I had an older gentleman I know looking for Goat milk because it helps him with acid reflux. He says when he can get it he does. He says raw milk better for this than pasteurized.

Anybody heard of this?
 

Yes. Access to raw milk is exactly why I got my own goats.

Switching to raw milk over pasteurized also cleared up my family's congestion, my child's bedwetting, and my severe joint pain.

Pasteurized milk is garbage.
Well I am not sure for the need to pasteurize if your goats have hay as their principal feedstock.

The more grain you give them as some data suggest allows the bad microcrobes to set up shop in goat, cow etc. One of the reasons for using grains in the lsast century was because refrigeration was not readily available. The migration from the farm to urban areas meant cows and such had to live on less land and to increase their energy they had to be fed grain instead of grass. This changed the pH of their stomachs and ban microbes got into the milk chain.

Pasteurization was not junk at that time. Tuberculosis was a big problem then and dairy animals were a vector for it. However, through much of the world dairy animals are no longer a significant cause, bad microbes can still be a problem.

But bad microbes can be reduced significantly by grass feeding to get your dairy animals gut back to normal. Also some of the other pasteurization techniques can greatly enhance to overall performance of your dairy products.

BTW, my wife stopped buying cream and has RAW GOAT Milk in her coffee and such without a drop of fear (or illness)! We do pasteurize for everything we sell to comply with the law, and for our grandchildren (but they love the goat milk one is lactose intolerant).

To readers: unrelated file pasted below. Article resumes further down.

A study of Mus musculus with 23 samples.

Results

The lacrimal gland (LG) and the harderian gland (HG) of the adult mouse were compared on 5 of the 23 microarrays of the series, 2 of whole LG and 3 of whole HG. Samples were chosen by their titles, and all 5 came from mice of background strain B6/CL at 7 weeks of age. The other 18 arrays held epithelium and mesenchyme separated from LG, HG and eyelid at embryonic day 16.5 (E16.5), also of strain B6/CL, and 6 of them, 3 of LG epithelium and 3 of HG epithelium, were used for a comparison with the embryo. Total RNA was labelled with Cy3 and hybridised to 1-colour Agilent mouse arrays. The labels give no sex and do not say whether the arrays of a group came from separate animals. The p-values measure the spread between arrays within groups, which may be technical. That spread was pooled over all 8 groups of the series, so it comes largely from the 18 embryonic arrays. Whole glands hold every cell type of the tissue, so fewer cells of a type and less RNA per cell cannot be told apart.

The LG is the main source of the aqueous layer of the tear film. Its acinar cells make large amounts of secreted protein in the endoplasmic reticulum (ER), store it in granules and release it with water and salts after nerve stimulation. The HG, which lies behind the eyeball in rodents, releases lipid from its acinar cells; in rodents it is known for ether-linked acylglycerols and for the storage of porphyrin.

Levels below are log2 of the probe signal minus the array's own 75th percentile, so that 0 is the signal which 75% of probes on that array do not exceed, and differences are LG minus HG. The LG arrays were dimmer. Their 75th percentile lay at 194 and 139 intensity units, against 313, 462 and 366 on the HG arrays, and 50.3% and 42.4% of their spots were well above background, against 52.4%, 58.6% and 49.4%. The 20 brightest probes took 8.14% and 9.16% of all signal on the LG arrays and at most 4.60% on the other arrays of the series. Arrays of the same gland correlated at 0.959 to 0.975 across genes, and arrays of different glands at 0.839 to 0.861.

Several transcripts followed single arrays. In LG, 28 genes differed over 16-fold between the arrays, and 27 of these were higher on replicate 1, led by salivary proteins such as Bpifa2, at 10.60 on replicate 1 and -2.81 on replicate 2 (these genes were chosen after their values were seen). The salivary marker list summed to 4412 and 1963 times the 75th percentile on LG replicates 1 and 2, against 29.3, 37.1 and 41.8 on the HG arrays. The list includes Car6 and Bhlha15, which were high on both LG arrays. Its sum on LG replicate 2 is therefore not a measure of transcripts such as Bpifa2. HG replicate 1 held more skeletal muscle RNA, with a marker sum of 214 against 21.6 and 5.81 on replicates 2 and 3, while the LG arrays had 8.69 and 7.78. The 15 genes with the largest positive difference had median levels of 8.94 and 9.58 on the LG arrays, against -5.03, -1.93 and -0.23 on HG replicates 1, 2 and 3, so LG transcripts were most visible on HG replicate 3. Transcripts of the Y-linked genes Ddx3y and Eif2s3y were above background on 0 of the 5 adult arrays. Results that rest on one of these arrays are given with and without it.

I believe it's about goat milk being more digestible than cow milk The proteins, fats, bacteria, and enzymes are all very different, from their bovine counterparts. Cows milk is notoriously not tolerate, by many, and many of those folks firm very successfully and happily, to goat milk, shock is what the vast majority of the world's population drinks.
 

I believe it's about goat milk being more digestible than cow milk The proteins, fats, bacteria, and enzymes are all very different, from their bovine counterparts. Cows milk is notoriously not tolerate, by many, and many of those folks firm very successfully and happily, to goat milk, shock is what the vast majority of the world's population drinks.
Well I agree with much of this and some test data agrees with your assessment. I also think we are in the right place and time for goats. Mostly we have to get past the bad connotations of the word "goat" in America.

Besides the dairy aspect, goats for meat needs exploration. Most people do not realize that goats and deer are similar meat creatures. Goats have the advantage of being table ready much faster than beef. Also their smaller size means fresher and easier to make a goat ready for the freezer in shorter time.

Maybe what is needed is a cute name for goats much like Portobello is for the Crimea mushroom.